Ruth Jackson

Research Scientist Emeritus
Natural Resources Canada

Learn about the logistical challenges of mounting a research mission to the Arctic, including the effect of extreme cold on scientific instruments, and the importance of having the right ship and the right people for the job.

Transcript

I had spent a career really working in the Arctic both on ships and on ice camps. I had worked particularly with the Americans in the Canada Basin on their ships. I had worked in the Arctic on a two shipped experiment with the Russians and the Germans and I knew very clearly that you are not getting close to the Canadian margin on a ship. It couldn’t be done. So my involvement would be to say we are not using ships we are going to do it from the ice.

In the beginning of the UNCLOS project, I was the chief scientist in the Arctic on the ice camp work and on the ship going programs. For UNCLOS, what we were trying to do to get the maximum claim possible you have to look at bathymetric highs that are attached to your margin and they are both attached, the ones that are significant for us, the Lomonosov Ridge and the Alpha Ridge are both attached north of Ellesmere Island. This is the area we had to begin our work.

Remember it is cold in the Arctic, you are putting small instruments the size of a lunch box on the ice, you have to find them again and they have to work. We had extremely bad weather conditions. We finally get a day or two of flying. We put the instruments out, it storms for five days. The ice moves. You have to find those things again. We didn’t get them all out. We had a few in a base camp. We turned the instruments on. They were still working. If they had not been working we would have gotten no data out of the first experiment.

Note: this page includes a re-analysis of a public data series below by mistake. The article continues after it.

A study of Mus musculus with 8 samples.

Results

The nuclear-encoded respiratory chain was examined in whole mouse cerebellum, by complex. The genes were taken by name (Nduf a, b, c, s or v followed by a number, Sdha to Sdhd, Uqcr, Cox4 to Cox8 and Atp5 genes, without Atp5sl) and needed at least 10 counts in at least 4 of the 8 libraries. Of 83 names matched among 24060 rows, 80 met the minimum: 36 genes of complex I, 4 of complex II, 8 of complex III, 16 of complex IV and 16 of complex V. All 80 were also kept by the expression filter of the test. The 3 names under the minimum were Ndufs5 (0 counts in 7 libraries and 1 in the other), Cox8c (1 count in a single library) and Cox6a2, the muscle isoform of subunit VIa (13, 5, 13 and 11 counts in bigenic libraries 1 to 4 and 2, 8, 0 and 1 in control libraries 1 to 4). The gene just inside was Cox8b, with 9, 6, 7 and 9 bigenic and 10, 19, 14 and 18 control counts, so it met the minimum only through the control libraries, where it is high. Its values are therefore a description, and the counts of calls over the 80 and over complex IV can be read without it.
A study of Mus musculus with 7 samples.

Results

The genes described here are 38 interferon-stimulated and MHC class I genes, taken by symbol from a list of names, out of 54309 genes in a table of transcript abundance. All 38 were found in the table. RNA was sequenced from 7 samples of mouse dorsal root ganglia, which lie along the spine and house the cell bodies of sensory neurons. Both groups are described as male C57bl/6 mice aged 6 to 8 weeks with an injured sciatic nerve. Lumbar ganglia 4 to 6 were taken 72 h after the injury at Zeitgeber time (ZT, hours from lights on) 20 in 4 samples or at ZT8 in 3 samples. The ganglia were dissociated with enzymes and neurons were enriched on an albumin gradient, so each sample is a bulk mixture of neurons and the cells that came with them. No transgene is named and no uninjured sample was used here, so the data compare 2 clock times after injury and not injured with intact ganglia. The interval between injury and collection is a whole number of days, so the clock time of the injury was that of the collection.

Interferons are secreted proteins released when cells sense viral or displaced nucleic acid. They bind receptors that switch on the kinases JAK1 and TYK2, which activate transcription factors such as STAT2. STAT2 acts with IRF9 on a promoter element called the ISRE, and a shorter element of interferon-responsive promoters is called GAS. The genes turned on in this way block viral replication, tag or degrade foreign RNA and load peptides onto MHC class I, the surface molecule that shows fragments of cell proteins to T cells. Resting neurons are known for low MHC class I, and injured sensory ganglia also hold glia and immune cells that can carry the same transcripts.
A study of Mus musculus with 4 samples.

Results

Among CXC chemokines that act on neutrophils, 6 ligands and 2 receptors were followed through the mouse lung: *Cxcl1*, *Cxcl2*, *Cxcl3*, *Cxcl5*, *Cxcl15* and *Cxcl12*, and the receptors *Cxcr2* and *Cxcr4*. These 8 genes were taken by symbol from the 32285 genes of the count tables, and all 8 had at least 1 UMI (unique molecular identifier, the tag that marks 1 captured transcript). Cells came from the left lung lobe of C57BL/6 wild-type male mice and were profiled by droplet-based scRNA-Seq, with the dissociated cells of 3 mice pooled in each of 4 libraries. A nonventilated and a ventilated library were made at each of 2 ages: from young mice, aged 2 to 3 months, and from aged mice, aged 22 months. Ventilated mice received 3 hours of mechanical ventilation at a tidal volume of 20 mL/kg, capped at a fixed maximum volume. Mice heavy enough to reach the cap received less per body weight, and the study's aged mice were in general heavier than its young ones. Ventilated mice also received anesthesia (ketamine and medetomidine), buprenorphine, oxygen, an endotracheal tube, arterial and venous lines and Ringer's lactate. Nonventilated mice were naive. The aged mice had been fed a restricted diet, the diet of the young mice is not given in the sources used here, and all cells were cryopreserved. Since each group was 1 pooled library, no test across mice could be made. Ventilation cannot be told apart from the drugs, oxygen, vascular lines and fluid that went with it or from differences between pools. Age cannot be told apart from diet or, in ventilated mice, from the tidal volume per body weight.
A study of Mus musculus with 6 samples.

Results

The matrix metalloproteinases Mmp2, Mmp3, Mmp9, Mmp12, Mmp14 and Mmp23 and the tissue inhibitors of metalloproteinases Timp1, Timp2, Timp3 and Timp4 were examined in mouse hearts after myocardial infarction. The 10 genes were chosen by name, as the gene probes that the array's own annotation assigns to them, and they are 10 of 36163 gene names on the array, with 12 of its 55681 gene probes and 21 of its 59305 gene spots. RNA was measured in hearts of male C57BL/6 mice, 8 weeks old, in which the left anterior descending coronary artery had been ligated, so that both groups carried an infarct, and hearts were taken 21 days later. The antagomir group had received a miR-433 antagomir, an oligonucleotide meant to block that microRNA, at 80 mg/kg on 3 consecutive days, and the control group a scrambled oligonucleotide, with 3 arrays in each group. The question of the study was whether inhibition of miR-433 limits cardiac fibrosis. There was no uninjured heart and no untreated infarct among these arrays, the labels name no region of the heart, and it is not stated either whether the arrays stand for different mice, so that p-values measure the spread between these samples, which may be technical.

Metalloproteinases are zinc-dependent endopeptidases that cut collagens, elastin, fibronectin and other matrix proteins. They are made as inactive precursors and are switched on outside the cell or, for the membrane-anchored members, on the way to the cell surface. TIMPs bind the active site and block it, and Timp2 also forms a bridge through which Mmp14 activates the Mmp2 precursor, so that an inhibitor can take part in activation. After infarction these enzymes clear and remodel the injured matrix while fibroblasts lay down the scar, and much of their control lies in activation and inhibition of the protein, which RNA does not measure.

There were actually a small number of people who could do this job and the Geological Survey of Canada, both the part in Dartmouth and the part that is in Ottawa, had very particular expertise. If you want a specialist to fix your computer, that’s easy to find; finding a seagoing tech with 30 years of Arctic experience is very difficult.

The Louis is very important to the UNCLOS program because we are working in heavy ice and it’s Canada’s largest ice breakers. It has 23,000 horse power and a bubbler system so we are able to tow gear behind it to collect data. And also, one of the interesting things, the Healey is a much newer ship but it’s built on more military standards and it isn’t near as comfortable. When people could exchange between the Louis and the Healy, they generally liked to stay on the Louis as long as possible.